Maybe it’s the fact that it’s not just a new year but a new decade, but for some reason this annual ringing in of the new year feels bigger somehow. You’re going to see all kinds of articles on the big trends – video, augmented reality, shoppable posts, etc. I don’t disagree with any of the predictions. But they are all about tools. I want us to slow down and focus on intention for a bit first.

2020 is the year when we sell less and help more. And that all revolves around the content you create and why you create it. Ironically, it’s how our industry got its start.

I’ve been in the business for more than 30 years, and back when I started my career, no one was talking about content. But that doesn’t mean we weren’t creating it. Marketing has evolved a great deal since it began back in town crier days. One thing has been a constant – since day one, marketers have helped brands capture and tell their stories in a way that had an impact on an audience.

Back in the golden days of advertising, brands were boldly creating content that makes what most companies do today look rather elementary. In many ways, this new era of what we can and should do is taking us back to our roots.

Let’s look at the trajectory of advertising since the “Mad Men” days. Marketing mostly equaled paid media advertising back in the day. 

Agencies and brands were creating content. Big, bold, culture-changing content. But they were creating it for an entirely different reason. They needed the content because they were often creating an audience from scratch. So they needed placement opportunities for their clients.

Benton & Bowles was an agency based in New York that was launched in 1929 by William Benton and Chester Bowles. They actually invented the radio soap opera so they could create sponsorships and ad placements for their clients who wanted to target homemakers with their message.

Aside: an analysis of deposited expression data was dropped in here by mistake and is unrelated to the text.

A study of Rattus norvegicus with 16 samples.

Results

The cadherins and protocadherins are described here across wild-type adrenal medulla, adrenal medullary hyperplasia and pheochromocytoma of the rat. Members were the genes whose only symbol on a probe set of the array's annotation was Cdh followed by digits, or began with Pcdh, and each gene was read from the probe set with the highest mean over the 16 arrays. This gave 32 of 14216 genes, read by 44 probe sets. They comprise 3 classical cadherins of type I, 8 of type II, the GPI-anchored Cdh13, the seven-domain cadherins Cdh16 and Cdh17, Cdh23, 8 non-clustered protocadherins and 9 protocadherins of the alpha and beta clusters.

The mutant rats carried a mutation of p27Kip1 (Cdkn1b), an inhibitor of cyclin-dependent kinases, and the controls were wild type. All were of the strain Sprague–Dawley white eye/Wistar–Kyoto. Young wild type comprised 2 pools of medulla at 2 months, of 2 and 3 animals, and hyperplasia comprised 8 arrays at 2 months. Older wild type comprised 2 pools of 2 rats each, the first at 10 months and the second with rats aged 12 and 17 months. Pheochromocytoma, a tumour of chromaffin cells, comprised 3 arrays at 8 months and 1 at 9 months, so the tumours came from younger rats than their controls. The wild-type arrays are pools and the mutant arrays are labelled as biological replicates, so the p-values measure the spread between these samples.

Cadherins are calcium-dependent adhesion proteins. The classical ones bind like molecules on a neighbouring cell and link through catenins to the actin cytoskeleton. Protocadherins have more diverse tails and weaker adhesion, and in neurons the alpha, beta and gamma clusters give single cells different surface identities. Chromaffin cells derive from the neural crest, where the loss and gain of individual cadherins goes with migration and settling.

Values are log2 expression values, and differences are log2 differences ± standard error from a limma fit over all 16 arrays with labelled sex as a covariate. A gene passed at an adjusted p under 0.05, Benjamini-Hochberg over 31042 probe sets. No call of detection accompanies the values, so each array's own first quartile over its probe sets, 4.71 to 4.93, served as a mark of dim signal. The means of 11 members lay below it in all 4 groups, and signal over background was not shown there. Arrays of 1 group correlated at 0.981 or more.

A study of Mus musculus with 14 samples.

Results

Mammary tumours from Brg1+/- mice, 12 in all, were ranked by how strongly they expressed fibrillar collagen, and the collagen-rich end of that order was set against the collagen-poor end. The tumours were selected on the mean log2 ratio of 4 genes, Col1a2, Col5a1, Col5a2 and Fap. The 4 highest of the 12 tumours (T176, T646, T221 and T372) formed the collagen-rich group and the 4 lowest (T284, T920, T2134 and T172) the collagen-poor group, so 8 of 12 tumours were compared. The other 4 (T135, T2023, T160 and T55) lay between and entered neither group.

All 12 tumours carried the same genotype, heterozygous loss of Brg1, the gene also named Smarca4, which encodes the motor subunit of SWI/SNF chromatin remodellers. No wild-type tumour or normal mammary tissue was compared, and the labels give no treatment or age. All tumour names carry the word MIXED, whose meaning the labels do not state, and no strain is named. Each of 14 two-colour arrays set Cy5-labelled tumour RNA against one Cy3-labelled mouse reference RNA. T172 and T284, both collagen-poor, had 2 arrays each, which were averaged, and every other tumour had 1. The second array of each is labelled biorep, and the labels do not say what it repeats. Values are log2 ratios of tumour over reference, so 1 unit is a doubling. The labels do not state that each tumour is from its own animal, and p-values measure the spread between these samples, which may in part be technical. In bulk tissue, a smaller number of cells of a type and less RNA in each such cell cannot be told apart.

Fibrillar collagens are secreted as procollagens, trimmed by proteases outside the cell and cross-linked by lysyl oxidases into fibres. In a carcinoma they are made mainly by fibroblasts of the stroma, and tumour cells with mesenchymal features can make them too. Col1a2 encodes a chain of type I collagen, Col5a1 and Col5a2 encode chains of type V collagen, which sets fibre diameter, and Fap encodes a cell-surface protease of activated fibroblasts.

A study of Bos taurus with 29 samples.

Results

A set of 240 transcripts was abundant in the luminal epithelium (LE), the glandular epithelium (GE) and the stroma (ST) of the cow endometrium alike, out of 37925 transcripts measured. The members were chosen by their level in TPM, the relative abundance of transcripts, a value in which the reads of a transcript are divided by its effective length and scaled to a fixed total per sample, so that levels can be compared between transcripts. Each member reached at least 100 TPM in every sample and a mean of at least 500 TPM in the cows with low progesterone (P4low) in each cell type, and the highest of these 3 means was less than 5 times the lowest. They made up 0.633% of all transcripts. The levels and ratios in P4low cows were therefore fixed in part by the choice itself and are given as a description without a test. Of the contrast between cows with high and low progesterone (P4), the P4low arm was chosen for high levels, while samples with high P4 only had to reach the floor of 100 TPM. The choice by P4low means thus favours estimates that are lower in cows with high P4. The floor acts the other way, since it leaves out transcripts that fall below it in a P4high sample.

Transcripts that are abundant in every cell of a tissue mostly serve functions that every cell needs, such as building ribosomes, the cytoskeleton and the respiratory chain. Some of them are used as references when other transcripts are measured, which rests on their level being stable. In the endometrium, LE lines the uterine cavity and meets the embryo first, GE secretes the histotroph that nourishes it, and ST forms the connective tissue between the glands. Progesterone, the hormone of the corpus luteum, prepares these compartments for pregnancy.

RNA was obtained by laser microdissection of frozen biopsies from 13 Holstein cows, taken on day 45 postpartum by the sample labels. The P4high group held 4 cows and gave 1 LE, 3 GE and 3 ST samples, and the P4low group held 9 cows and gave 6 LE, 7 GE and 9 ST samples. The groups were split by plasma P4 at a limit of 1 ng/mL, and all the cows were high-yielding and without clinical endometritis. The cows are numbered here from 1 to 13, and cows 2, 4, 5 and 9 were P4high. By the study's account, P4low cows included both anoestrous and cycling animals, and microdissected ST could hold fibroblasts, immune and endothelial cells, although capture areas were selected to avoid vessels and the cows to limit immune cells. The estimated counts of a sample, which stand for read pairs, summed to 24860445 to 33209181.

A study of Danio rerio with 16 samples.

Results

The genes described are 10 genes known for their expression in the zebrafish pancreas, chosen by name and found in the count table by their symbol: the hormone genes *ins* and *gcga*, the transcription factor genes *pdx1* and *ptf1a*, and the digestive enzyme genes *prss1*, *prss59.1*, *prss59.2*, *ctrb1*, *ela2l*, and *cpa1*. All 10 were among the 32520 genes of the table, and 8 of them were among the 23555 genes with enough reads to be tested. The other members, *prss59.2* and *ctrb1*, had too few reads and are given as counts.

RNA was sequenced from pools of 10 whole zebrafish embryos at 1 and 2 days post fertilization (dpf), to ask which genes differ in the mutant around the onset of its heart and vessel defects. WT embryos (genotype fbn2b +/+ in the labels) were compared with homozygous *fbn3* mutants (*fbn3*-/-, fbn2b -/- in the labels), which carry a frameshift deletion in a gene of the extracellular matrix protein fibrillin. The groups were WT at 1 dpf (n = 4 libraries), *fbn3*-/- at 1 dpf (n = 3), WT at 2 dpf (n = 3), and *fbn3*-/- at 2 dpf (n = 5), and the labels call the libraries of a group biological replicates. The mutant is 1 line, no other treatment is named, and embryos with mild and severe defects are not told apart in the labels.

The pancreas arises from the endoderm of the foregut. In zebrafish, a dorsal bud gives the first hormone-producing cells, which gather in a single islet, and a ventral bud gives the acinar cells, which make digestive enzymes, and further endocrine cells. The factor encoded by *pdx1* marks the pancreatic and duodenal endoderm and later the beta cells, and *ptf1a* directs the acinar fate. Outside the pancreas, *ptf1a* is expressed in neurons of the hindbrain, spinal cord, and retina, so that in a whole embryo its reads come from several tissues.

By 1936, they were responsible for three of the four most popular radio shows on the air, including “As the World Turns.” When television arrived, Benton & Bowles replicated their radio success and launched a TV version of “As the World Turns,” their most popular show, in 1956 for their client Procter & Gamble. P&G sponsored or advertised on that show until it was canceled in 2010. Somewhere along the way, the network bought the show from Benton & Bowles, but they negotiated P&G’s exclusivity as part of the deal.

Even back then, marketers understood that no one sought out advertising. But if you gave them something they valued, they’d gladly accept the advertising as part of the package. This concept of storytelling was part of the marketing’s DNA.

When we talk about memorable ad campaigns, most of them came from this era. They were filled with memorable characters (the Marlboro Man, Mr. Whipple and the Jolly Green Giant) and earworm jingles (Wrigley’s Doublemint gum, Kellogg’s Rice Krispies and Chevrolet/General Motors). And they used these elements to get the audience to connect with the stories and the products they were pitching. 

Somehow, that sense of storytelling with just a smattering of advertising got watered down in the mid-’80s and we entered into the era of invasive, talk-at-me marketing. Consumers didn’t have any control back then, so they endured our spots. A little thing called the internet changed all of that.

In next week’s column, we’ll explore how we got to today and what we need to do to survive and thrive beyond 2020.